Personal data is the life blood of social services. Whether providing the care needs of the elderly and disabled, assessing the suitability of foster carers or protecting the welfare of abused children, they need to know sensitive and confidential information to carry out their tasks.
All the more reason therefore, for social services to be at the top of their game in respecting data protection rights. When it comes to sensitive personal information, sharing it with the wrong people or obtaining it without consent can cause real distress and harm to the very people whose welfare they are charged with protecting.
Unfortunately, though the vast majority of social workers carry out their responsibilities competently and carefully, there are too many cases of fundamental errors coming to light in social services data processing, which may undermine the trust we are obliged to place in them as statutory public services with extensive powers affecting the quality of our lives.
Unlike private companies where data breaches may occur because of a software security hack affecting a large number of people, but without lasting impact on their lives once sorted, social services breaches tend to be individually case-driven.
This can mean that highly sensitive personal information is illegally or mistakenly obtained and shared with other people, maybe family members or connections, causing preventable harm to already fragile situations that may be hard, if not impossible, to repair.
DRM Legal has specialist experience of a wide range of social services data breaches, which may be delicate and complicated to unravel.
These mistakes point to the need for improved training and monitoring of staff in observing data protection and GDPR obligations as a part of the general remit of social services in providing solutions – not problems – in the promotion of personal welfare.
So what sort of problems might arise and why?
The fundamental principle underlying data protection laws is the consent of the data subject to the processing of personal data. But because social services have statutory powers and duties, there are times when they can obtain and share personal information without consent of the data subject. However, these ‘public interest’ exemptions are limited in law and often only under the direction of a court order.
In the vast majority of situations where social services obtain and share your personal data, they are obligated to get the consent of the data subject with regard to who it may be shared with, for what purpose and for how long.
And this is often where things go wrong. Take a fostering application. Social workers are charged with assessing the suitability of prospective foster carers and their partners. This includes obtaining consent for sharing information about their current and past family circumstances, including enquiries about information on police records.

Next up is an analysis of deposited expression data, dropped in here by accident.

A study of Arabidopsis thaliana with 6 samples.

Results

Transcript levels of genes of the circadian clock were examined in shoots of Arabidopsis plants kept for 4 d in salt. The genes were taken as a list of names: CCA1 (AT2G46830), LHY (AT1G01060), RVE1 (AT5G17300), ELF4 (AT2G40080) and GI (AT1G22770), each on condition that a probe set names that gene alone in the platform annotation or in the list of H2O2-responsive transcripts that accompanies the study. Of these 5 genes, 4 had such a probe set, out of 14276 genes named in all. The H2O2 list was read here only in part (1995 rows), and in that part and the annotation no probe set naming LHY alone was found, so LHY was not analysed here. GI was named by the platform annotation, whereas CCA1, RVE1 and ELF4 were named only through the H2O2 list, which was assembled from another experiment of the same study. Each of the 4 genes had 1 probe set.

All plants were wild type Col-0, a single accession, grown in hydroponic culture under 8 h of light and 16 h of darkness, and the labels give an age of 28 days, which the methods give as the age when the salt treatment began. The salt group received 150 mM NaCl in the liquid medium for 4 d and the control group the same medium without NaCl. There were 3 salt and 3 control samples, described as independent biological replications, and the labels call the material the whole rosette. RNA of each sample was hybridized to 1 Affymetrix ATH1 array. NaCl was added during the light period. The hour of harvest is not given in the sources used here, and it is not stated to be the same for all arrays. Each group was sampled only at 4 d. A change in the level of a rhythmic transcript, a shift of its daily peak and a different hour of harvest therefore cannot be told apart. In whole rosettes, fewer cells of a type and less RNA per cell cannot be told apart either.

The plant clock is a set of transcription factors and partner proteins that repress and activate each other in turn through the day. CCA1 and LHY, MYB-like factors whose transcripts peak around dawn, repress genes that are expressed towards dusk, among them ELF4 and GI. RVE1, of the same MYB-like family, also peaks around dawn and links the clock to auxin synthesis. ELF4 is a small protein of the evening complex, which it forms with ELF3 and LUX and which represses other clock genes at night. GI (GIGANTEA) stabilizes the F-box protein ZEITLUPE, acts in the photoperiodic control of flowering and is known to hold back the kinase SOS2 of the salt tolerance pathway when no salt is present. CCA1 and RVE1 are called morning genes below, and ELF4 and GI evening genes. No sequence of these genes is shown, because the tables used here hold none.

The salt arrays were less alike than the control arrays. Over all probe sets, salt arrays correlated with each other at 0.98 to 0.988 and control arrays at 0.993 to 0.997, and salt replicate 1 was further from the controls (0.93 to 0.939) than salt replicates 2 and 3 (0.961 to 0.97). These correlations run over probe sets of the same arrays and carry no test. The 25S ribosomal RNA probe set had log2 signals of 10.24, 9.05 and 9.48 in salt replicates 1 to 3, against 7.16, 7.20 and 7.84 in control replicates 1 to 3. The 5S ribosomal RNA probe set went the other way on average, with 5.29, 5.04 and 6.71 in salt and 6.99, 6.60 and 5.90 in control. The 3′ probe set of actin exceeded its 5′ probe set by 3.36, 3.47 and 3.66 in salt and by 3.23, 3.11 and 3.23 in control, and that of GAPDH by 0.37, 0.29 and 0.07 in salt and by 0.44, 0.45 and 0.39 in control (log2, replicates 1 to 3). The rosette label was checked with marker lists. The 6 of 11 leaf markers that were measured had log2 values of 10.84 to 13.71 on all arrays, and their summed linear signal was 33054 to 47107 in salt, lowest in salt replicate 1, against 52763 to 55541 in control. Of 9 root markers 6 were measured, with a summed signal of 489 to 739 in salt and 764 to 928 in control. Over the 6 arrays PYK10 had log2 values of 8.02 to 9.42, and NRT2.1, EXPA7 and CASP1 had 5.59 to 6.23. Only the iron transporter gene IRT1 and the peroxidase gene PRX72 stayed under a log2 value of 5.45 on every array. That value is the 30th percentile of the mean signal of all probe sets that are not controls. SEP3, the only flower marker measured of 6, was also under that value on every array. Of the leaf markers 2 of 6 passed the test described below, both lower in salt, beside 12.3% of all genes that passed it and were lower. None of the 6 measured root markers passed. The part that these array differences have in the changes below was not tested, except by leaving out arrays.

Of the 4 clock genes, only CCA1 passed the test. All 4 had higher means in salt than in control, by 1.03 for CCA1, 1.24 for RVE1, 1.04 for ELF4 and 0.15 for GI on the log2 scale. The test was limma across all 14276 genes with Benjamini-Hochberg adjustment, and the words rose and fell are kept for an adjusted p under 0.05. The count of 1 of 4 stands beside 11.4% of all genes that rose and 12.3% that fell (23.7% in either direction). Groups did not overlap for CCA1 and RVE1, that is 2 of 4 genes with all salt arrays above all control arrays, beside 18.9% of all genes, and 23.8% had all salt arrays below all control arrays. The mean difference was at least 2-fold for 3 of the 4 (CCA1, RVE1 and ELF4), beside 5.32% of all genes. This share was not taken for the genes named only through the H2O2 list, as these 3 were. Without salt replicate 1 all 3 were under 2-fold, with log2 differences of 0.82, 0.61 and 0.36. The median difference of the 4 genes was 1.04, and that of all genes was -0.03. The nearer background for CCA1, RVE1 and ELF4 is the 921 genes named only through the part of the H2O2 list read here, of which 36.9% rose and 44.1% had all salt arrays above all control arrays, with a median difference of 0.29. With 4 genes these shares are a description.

Social workers do not have an automatic right to obtain people’s police records, but they can do so if there is written evidence of consent. Many people will have experience of giving consent for a Disclosure and Barring Service disclosure as part of job or voluntary work applications, and they will know there are strict rules on who this sensitive information can be shared with. Likewise, social workers need your explicit written consent to apply for this type of personal data.
Unfortunately there are some instances of ‘short cutting’ – where social workers presume consent or act on the ‘nod’ of a partner. And once obtained, the data which may include highly confidential information not just of past criminal offences but of being a victim of crime such as sexual assault, where lifelong anonymity is protected by law, is carelessly passed on by email to other unauthorised parties such as birth parents in a fostering applications.
In other situations an ex-partner may be asked for a confidential reference about a prospective foster carer, only to discover this sensitive information was shared with the other ex-partner without consent.
Our experience of social services data breaches
DRM Legal even have experience of a case of a concerned family member making a strictly confidential safeguarding report about a child in good faith which was relayed in writing word for word, including the name and contact details of the reporter, to the parents of the child at risk.
These and similar cases crop up regularly, and may be due to pressure of caseload, or simply a failure to understand the limited circumstances in which the sharing of confidential personal information is permitted, in the absence of consent.
But given their powers and duties, and the trust placed in them by law, it is incumbent on social services to ensure that these all too avoidable and damaging mistakes are minimised, if not eradicated completely.
‘The GDPR has been a big wake-up call for social services’, says solicitor Sarah Bacchus at DRM Legal.
‘For too long mistakes and short-cuts in not obtaining consent or wrongly sharing sensitive information was tolerated as being a regrettable hazard of the job.
‘But now there is a strict protocol of redress, including reporting to the Information Commissioners’ Office, informing data subjects of breaches and awarding compensation where warranted.
‘This can be a costly exercise in time and resources, but more so to reputational damage in the community.
‘Recognising and addressing avoidable data breaches and damage caused to clients, often the most vulnerable and disadvantaged people in the community, is a step on the road to confidence in professional service and data protection compliance.’
If you think your data rights may have been breached by social services (or any other public or private body) contact one of our specialist solicitors at DRM Legal to discuss your options, including whether you are eligible to make a claim for compensation.